Immigration Officials Deny Secular Conscientious Objector Status, Says Humanist Legal Center
For Immediate Release
Contact: William Burgess, email@example.com, 202-238-9088 x 102
(Washington, DC, June 18, 2013) — The American Humanist Association’s Appignani Humanist Legal Center sent a letter yesterday on behalf of atheist Margaret Doughty to immigration officials regarding an unconstitutional demand that her application for naturalized citizenship include proof of a religious basis when she objected to a pledge that she “bear arms” in defense of the United States.
Margaret Doughty, 64, has been a legal resident of the U.S. for over 30 years and is in the process of becoming a naturalized citizen. She has expressed her objection to warfare to immigration officials. A part of the process includes an oath of loyalty, including, in part, a pledge that the new citizen would bear arms in the county’s defense. The law permits those who object to doing so for moral reasons to omit this portion of the oath. Despite U.S. Supreme Court rulings that require a secular exemption be offered, she has been required to present a letter by June 21 from a church to justify her objection.
“In order to comply with the Constitution’s guarantee of freedom of conscience, references to ‘religious belief’ in federal immigration law have been interpreted by the Supreme Court to include secular moral beliefs,” said Bill Burgess, coordinator of the Appignani Humanist Legal Center. “We are happy to represent Margaret Doughty in this case and will be working to make sure the government to which she wishes to swear loyalty will respect her constitutional rights.”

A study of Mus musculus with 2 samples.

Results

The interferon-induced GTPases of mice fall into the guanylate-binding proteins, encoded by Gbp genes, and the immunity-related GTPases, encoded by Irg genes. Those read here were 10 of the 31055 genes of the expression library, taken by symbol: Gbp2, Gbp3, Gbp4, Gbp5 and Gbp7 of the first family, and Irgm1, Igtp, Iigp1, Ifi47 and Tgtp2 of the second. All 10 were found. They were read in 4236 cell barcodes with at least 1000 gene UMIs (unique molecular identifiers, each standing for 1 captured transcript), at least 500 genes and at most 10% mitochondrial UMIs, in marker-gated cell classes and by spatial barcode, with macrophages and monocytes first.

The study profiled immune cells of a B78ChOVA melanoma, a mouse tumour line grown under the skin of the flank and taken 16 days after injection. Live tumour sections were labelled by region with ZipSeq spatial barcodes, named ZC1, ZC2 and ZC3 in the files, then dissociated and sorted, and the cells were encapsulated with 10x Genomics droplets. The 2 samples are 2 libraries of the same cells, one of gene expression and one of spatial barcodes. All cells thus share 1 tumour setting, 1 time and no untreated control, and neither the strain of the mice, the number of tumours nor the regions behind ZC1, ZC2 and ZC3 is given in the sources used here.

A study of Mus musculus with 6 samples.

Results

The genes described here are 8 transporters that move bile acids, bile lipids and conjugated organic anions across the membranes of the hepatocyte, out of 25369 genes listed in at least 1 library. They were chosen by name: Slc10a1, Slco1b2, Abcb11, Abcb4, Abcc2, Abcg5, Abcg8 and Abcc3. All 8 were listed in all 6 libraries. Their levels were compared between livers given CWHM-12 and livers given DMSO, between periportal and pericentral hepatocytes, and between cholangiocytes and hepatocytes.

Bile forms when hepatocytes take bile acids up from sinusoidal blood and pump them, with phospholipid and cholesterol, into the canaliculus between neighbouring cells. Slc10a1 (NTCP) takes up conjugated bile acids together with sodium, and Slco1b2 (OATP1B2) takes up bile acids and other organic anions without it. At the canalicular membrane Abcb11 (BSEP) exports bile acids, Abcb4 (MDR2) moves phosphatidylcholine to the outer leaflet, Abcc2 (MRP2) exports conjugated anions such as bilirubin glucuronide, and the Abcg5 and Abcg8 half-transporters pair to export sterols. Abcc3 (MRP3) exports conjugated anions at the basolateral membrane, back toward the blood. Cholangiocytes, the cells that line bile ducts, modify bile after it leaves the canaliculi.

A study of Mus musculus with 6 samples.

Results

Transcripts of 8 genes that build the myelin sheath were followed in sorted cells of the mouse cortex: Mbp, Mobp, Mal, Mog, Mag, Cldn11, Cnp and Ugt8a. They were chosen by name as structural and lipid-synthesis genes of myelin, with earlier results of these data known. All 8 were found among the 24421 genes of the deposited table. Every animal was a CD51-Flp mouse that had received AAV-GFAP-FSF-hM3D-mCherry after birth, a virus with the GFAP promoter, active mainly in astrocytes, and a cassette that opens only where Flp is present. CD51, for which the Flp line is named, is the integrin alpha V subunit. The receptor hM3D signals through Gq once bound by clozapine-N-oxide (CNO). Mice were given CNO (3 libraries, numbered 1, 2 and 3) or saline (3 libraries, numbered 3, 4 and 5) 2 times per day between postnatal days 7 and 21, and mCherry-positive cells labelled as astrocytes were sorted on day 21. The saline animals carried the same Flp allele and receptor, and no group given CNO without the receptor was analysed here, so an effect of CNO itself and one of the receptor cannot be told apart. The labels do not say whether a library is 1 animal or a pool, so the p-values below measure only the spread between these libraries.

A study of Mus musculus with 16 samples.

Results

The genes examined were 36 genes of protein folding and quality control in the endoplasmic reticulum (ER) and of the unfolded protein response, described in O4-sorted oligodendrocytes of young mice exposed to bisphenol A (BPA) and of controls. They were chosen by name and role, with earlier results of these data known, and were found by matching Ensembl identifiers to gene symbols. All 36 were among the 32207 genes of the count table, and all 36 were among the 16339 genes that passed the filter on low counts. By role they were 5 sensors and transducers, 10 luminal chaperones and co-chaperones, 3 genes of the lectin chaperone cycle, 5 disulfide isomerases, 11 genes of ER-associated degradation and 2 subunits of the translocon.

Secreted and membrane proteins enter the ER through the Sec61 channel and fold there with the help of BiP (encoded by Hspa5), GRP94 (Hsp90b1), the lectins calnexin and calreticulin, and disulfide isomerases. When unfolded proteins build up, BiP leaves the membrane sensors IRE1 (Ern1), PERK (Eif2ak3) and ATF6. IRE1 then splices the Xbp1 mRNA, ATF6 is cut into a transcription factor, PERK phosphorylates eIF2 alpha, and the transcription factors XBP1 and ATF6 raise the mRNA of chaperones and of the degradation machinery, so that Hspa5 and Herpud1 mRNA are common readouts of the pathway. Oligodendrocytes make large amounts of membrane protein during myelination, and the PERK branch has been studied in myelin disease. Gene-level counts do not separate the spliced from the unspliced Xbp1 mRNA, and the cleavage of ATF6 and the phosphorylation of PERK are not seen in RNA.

When asked if she would take up arms in defense of the United States, Ms. Doughty said, in part:
“I am sure the law would never require a 64 year-old woman like myself to bear arms, but if I am required to answer this question, I cannot lie. I must be honest. The truth is that I would not be willing to bear arms. Since my youth I have had a firm, fixed and sincere objection to participation in war in any form or in the bearing of arms. I deeply and sincerely believe that it is not moral or ethical to take another person’s life, and my lifelong spiritual/religious beliefs impose on me a duty of conscience not to contribute to warfare by taking up arms . . . my beliefs are as strong and deeply held as those who possess traditional religious beliefs and who believe in God . . . I want to make clear, however, that I am willing to perform work of national importance under civilian direction or to perform noncombatant service in the Armed Forces of the United States if and when required by the law to do so.”
The letter has been sent to officials with U.S. Citizenship and Immigration Services in Houston, TX.
The American Humanist Association (www.americanhumanist.org) advocates for the rights and viewpoints of humanists. Founded in 1941 and headquartered in Washington D.C., its work is extended through more than 160 local chapters and affiliates across the United States. Special thanks to the Louis J. Appignani Foundation and The Herb Block Foundation for their support of the Appignani Humanist Legal Center.
Humanism is a progressive philosophy of life that, without theism, affirms a responsibility to lead ethical lives of value to self and humanity.